Seven provinces have joined Nova Scotia in eliminating trade barriers between provinces, recently lifting limits on how much alcohol residents can buy for personal consumption.
“I’m a free trader. The more we can reduce barriers the better off it is. But they’ll make that decision, I think all provinces should be in,” said Nova Scotia Premier Stephen McNeil.
But New Brunswick isn’t showing any interest in joining its neighbours.
“I understand on the surface our tax structure seems out of whack,” said New Brunswick Premier Blaine Higgs.
Interprovincial trade and beer has been in the spotlight since 2012, when Gerard Comeau was being stopped and charged by police in Campbellton N.B. for having 14 cases of beer that was purchased in Quebec.
He took his case to the Supreme Court of Canada, claiming the limited his Constitutional rights, but he lost in April of this year.
WATCH: Free the Beer decision at Supreme Court of Canada
Higgs says New Brunswick’s proximity to Quebec and neighbouring Maine put the province in a tough position. Figures show lifting those restrictions could cost the province about $32 million.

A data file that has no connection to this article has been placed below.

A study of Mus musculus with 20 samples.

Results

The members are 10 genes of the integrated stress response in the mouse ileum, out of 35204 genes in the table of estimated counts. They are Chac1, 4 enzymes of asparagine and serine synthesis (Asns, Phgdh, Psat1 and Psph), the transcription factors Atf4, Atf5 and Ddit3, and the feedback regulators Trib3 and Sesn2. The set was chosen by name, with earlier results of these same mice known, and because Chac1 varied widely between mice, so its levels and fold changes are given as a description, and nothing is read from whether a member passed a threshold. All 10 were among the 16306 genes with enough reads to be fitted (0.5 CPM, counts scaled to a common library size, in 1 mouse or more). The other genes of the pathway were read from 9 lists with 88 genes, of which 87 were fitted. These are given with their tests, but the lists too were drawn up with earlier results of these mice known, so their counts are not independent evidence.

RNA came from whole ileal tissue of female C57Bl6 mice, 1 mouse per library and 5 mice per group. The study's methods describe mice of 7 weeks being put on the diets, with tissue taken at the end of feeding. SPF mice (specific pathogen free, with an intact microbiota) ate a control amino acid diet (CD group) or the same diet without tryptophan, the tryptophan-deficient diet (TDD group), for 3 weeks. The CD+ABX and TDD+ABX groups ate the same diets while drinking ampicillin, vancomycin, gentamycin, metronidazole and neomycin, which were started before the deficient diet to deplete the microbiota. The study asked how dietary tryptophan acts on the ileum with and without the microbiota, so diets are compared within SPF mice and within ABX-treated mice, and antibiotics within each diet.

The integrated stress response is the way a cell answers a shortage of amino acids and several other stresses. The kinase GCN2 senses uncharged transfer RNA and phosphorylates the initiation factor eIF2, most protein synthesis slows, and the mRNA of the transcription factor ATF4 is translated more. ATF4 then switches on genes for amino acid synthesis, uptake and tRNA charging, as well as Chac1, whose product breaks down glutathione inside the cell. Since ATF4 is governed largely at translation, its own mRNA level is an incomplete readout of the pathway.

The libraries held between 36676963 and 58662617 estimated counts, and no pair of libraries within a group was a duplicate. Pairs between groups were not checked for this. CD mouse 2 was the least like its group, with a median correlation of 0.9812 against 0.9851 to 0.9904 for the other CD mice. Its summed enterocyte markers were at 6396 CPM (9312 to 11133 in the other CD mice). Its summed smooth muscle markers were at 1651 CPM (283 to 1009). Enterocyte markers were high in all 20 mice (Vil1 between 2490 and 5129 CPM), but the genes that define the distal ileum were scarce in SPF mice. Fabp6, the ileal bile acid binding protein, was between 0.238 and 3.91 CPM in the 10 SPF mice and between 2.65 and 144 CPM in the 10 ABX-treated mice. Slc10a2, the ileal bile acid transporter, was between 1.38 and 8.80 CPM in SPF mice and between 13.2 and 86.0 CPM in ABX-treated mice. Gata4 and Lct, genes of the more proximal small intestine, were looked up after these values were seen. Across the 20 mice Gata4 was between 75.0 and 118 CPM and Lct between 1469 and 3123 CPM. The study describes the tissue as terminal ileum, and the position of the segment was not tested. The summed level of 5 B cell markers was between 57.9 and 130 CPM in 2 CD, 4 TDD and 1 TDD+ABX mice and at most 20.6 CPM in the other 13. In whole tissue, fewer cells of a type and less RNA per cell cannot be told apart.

“We are in a different position in terms of our market and market access for our people to go elsewhere so we have to be cognizant of that because it’s a big hit for us,” said Higgs.
It’s a controversial issue across political lines, with varying opinions on the matter.
“When you put up trade barriers to stop that, to me it infringes on my ability as a Canadian citizen to buy what I want when I want,” said People’s Alliance Leader Kris Austin.
While the province isn’t moving on the file just yet, Higgs says he is exploring other options, such as discounting alcohol near provincial and international borders.